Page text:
Jun 28, 2022

7 Common Inflammatory Conditions

Inflammation is the immune system's response to the release of white blood cells that protect the body from harm. There are two types of inflammation; acute and chronic

Acute inflammation is the body's immediate response to an injury, like a sprained ankle or an illness, like the flu. It usually lasts for a short period of time and is key to the healing process. 

However, inflammatory disease or disorder occurs when the immune system mistakenly attacks the body's own cells or tissues, even though there is no outside danger. As a result, you experience chronic inflammation that can last for years or the rest of your life. 

Symptoms of chronic inflammation

Many symptoms of chronic inflammation aren't as noticeable as those associated with acute inflammation. 

Signs of chronic inflammation depend on the disease but may include:

Causes and risk factors of chronic inflammation

Chronic inflammation can result from autoimmune disorders like lupus, prolonged exposure to toxins (pollution or industrial chemicals), or untreated inflammation from an illness or injury. 

Some factors may put you at a greater risk of developing chronic inflammation, including: 

  • Excessive drinking of alcohol 

  • Diet high in added sugar and unhealthy fats 

  • Obesity 

  • Lack of exercise 

  • Low levels of testosterone or estrogen

  • High levels of unmanaged stress 

  • Insomnia

  • Smoking 

Chronic inflammatory conditions and disorders 

Chronic inflammation is linked to several chronic diseases, affecting millions of people worldwide each year. 

Alzheimer's disease

Alzheimer's disease is the most common type of dementia that affects memory, thinking, and behavior. It is a progressive disease that causes symptoms to get worse over time and eventually interfere with the person's ability to do daily tasks.

There is currently no cure for Alzheimer's. However, ongoing research is being done to determine what causes plaque buildup and its role in the disease's progression. Many recent studies have connected inflammation with Alzheimer's. 

Asthma

Asthma is obstruction and chronic inflammation of the airways or bronchial tubes. It causes the passages that allow air to and from the lungs to become inflamed, narrow, swollen, and produce extra mucus. 

Certain asthma triggers can make inflammation worse, leading to asthma attacks. These attacks cause trouble breathing, wheezing, shortness of breath, and coughing. 

Cancer

Research has shown that chronic inflammation can cause DNA damage and cell division. As a result, inflammation has been linked to certain cancers and the spread of cancer to other parts of the body. 

Other studies indicate that around 20% of cancers are caused or influenced by chronic inflammation. These include:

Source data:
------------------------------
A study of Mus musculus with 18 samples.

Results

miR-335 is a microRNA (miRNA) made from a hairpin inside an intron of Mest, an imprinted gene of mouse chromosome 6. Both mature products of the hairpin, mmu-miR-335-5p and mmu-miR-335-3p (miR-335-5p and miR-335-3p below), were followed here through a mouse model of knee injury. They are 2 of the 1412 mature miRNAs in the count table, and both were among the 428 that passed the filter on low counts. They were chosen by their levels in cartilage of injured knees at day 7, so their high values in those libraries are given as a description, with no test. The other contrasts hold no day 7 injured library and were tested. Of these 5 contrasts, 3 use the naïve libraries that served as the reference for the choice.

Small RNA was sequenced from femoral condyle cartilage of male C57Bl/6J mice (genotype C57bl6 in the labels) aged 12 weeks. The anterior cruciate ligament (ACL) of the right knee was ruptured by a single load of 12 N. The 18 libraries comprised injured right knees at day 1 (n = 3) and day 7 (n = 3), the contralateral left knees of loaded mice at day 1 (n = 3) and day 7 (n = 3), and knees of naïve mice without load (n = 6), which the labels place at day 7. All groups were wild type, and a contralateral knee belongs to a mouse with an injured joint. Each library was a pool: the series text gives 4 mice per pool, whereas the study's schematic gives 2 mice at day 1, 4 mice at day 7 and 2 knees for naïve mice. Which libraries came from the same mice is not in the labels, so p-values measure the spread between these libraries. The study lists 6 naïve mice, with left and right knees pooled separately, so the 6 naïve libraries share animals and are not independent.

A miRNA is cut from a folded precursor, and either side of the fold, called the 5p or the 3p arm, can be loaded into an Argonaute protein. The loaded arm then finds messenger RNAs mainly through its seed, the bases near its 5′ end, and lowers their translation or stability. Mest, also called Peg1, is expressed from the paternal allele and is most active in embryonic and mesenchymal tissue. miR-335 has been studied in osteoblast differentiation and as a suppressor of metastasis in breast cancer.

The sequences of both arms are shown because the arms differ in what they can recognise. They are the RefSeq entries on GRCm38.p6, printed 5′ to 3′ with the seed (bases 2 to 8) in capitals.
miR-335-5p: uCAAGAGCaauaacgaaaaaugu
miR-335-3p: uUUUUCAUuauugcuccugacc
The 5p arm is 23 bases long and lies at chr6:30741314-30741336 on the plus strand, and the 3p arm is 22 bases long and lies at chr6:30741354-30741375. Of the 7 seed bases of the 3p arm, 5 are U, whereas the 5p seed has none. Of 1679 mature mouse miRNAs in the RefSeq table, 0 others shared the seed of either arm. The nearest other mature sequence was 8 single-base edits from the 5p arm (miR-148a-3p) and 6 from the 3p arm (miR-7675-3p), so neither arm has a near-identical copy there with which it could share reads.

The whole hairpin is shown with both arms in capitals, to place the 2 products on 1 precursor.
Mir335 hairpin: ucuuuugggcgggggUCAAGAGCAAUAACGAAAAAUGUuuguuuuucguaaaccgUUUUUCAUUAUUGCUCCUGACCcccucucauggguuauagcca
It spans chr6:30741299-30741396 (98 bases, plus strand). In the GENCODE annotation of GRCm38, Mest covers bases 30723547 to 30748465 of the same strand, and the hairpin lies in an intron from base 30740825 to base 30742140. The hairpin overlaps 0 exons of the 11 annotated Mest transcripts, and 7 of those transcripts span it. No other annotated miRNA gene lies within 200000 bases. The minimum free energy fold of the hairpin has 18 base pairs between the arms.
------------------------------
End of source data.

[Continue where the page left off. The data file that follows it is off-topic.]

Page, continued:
Heart disease

According to the American Heart Association, chronic inflammation is typical for heart disease or stroke patients. 

While more research is needed to determine the exact correlation between heart disease and inflammation, many experts believe it may be due to the fatty, cholesterol-rich plaque that builds up in the blood vessels (atherosclerosis). 

Rheumatoid arthritis (RA) 

Rheumatoid arthritis (RA) is an autoimmune, chronic inflammatory disorder that causes painful swelling, stiffness, deformity in the joints, and bone erosion. The inflammation caused by RA leads to symptoms circulating throughout the body often to the wrists, knees, ankles, elbows, hips, and shoulders. 

Genetics plays a big role in developing RA. However, researchers believe certain factors, including smoking cigarettes, stomach and intestinal illnesses, and obesity, may lead to the inflammation that triggers RA.

Inflammatory bowel disease (IBD)

Inflammatory bowel disease (IBD) is a group of disorders that cause chronic gastrointestinal (GI) inflammation. The two most common types of IBD are ulcerative colitis and Crohn's disease

IBD is a life-long condition that can have periods of flares and remission (no symptoms). Symptoms often vary from person to person but include abdominal pain, diarrhea, bowel urgency, constipation, bloating, loss of appetite, and bloody stool. 

Type 2 diabetes

Researchers are learning the link between chronic inflammation and chronic diseases, including type 2 diabetes. However, studies show that obesity increases the risk of developing inflammation and conditions that promote inflammation, like diabetes.

Inflammation also affects how well your insulin works, causing insulin resistance and high blood sugar. This can lead to prediabetes and, eventually, type 2 diabetes.  

Chronic inflammation is also a complication of diabetes. Type 2 diabetes makes it difficult for the body to break down glucose in food and increases blood sugar. As a result, the body's inflammatory response activates, causing ongoing inflammation in the body.

Treatment options for chronic inflammatory disease 

Most of these inflammatory conditions are life-long, so treatment involves managing the symptoms rather than curing the disease. Treatment options depend on the specific inflammatory disorder but may include a combination of lifestyle changes and medications. 

Lifestyle changes for chronic inflammatory disease 

Medications

Your doctor may recommend medicine to ease inflammation, pain, swelling, and other symptoms. Medications may also slow down or prevent inflammatory diseases. 

Medicines often recommended for certain inflammatory conditions include:

Always consult your healthcare provider before starting or stopping any medication, changing your diet, or starting a new exercise routine.